Tuesday, 29 September 2009


One of the best things about the house I moved to last December is the view of the sunset. There is an open view of the sky, and this summer, especially in the past two months, there have been amazing sunsets. These are four skies that caught my eye enough to warrant running down three flights of stairs to grab the camera - I think they were worth the effort...

Sunday, 27 September 2009

A recent project

These three images, taken from the same spot, show the development of a simple and easily-maintained garden. The garden when first seen (bottom) was an almost impenetrable mass of overgrown conifers and scrubby shrubs, the shrub layer ailing in the dark and dry conditions created by the trees. What had once been lawn had become a patch of scruffy and uneven grass with a weaving line of loose bricks and rubble holding back the soil from a slightly higher level at the far end of the garden. The proximity of the trees to the house closed off the rear part of the garden and blocked light and views of the nearby cathedral.
By clearing the garden of everything but the one cherry tree that had any merit, the space has been opened up to allow for a gravel terrace at the far end, positioned to catch the evening sun. A light screen of the wonderful Himalayan birch (Betula utilis var. jaquemontii 'Doorenbos') permits views of the cathedral whilst giving a sense of privacy. The change in level has been formalised with a brick step across the site, and the remaining planting, shown one month after completion (top), uses dramatic blocks of evergreen shrubs and grasses to provide contrast and further define the space. Within a couple of years the clipped shapes of the yew and laurel will provide a graphic counterpoint to the sea of soft grasses from which they emerge. The remaining ornamental planting relies on scented drought-tolerant varieties, including herbs of both decorative and culinary value.

Tuesday, 22 September 2009

Looking good at the moment...

Arum italicum 'Marmoratum'
The foliage has died back by this stage of the year, but this arum lily, like the others of the genus, extends the season of interest with a display of vivid orange fruit, clustered around the remains of the flower spike. Coping well with dry and shady conditions, the plant is ideal for brightening a dark corner in the autumn and early winter months - as here under overhanging shrubs. This plant is one of my favourites, and one of the most hard-working in the garden: by early spring the new leaves, a gleaming dark green with creamy veining, are emerging for their six-month tour of duty.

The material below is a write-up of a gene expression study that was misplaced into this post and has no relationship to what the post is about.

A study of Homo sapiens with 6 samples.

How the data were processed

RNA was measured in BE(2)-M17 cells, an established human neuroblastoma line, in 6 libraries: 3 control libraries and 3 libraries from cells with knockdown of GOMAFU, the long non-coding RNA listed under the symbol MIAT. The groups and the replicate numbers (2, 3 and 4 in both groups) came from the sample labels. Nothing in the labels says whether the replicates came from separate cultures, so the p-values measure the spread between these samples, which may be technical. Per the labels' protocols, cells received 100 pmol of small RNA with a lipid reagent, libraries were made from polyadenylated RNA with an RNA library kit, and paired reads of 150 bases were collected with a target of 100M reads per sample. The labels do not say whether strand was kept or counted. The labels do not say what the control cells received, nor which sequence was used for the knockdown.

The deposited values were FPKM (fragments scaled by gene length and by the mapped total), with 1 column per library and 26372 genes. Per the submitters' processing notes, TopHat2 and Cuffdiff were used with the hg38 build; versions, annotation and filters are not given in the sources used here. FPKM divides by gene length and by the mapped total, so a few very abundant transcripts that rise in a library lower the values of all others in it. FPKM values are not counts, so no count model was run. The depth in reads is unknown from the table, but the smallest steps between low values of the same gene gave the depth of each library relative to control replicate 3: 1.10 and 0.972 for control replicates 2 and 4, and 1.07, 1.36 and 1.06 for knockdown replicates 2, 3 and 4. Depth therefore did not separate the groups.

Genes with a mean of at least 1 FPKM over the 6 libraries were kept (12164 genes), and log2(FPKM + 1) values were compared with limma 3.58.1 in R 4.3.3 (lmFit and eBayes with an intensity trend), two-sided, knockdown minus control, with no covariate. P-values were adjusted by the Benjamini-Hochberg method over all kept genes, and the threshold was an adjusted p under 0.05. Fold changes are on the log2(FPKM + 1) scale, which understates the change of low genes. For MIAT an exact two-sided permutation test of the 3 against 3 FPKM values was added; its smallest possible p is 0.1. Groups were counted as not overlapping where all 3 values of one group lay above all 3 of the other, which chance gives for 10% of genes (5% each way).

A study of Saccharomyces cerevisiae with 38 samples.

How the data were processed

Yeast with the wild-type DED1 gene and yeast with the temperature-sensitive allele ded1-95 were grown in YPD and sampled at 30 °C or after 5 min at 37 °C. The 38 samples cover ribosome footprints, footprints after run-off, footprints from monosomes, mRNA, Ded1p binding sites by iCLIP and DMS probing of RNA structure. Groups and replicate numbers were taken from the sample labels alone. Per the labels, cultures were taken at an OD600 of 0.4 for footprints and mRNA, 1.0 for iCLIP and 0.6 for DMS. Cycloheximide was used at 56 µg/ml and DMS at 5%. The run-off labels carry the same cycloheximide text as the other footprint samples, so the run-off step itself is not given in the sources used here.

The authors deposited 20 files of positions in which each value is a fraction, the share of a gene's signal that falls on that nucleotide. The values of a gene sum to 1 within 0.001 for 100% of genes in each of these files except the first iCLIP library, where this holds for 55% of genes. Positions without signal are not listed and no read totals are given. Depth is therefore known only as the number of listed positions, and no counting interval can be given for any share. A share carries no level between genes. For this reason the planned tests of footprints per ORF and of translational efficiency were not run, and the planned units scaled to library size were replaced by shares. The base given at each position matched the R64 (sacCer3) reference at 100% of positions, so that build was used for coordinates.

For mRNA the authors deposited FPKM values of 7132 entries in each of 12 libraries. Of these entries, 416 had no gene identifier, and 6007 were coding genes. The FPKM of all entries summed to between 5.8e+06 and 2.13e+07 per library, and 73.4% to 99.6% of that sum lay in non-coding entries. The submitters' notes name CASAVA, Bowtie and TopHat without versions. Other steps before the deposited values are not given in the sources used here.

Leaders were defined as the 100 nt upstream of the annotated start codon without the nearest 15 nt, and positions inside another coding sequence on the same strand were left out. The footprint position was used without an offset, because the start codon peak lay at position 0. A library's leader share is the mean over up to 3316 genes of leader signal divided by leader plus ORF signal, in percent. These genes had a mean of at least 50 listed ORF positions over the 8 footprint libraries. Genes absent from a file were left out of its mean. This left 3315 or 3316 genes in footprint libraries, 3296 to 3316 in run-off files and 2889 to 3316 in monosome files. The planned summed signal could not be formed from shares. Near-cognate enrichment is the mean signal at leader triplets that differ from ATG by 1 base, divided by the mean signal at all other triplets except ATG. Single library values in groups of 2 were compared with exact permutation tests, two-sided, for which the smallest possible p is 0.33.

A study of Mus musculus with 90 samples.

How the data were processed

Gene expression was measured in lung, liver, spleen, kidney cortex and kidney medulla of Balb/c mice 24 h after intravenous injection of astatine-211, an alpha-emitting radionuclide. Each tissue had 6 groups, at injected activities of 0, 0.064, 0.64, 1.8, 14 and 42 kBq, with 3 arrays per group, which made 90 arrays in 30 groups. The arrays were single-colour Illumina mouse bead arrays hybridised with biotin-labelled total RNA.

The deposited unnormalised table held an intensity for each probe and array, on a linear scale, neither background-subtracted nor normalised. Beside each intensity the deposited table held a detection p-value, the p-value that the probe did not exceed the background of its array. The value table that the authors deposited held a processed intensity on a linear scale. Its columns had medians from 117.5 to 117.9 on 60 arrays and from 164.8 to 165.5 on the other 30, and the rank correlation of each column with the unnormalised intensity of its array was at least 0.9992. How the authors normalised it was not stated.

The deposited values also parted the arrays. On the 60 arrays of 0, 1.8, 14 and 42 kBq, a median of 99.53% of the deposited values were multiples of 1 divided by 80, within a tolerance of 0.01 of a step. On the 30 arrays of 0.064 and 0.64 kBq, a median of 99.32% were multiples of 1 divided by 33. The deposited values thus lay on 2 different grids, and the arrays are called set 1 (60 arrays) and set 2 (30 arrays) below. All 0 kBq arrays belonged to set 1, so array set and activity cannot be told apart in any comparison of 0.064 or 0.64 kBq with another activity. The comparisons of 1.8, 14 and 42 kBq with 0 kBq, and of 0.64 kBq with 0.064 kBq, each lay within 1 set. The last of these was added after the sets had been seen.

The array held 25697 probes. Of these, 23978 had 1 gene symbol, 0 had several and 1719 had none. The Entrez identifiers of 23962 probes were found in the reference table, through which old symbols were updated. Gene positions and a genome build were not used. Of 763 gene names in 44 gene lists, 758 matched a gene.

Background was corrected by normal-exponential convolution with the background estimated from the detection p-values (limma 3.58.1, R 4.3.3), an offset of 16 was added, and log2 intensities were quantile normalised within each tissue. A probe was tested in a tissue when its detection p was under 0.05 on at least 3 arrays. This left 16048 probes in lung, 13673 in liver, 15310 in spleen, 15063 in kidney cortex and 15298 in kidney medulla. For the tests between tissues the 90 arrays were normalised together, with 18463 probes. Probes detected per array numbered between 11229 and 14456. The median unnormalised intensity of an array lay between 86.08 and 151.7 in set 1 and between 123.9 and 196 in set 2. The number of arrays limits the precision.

Monday, 21 September 2009


As we enter autumn in Britain, here is one of my favourite images of the summer. Taken in early June in Andalucia, it shows wild grasses in the hills behind the coast, backlit by evening sun. Although we have had a good deal of fine weather this summer, we have had very few predictably hot and sunny days - the sort of days that we remember a summer for, and which I hope this photo reminds us of...

My submission for the SGD Student of the Year failed to impress the judges sufficiently to gain me an award, but I am delighted that my work was considered good enough to be included in the first place. I'm even more pleased for my friend Sarah, who has scooped the first prize - very well deserved and a great testament to her talents and professionalism.
Here's to autumn...

Wednesday, 9 September 2009

A Billion Painted Ladies

A bumper year for the Painted Lady (Vanessa cardui). Conditions were so favourable in the early summer this year that much larger numbers of this migrant butterfly were recorded arriving in the UK. After two washout summers in which butterfly populations fell dramatically, entomologists predicted an immense hatching of the Painted Lady in particular - estimates were for a billion of these salmony-orange butterflies to appear in mid- and late August. Certainly the lavender in the Fellow's Garden at Merton College had a good covering, including this pristine specimen, feeding in the sun.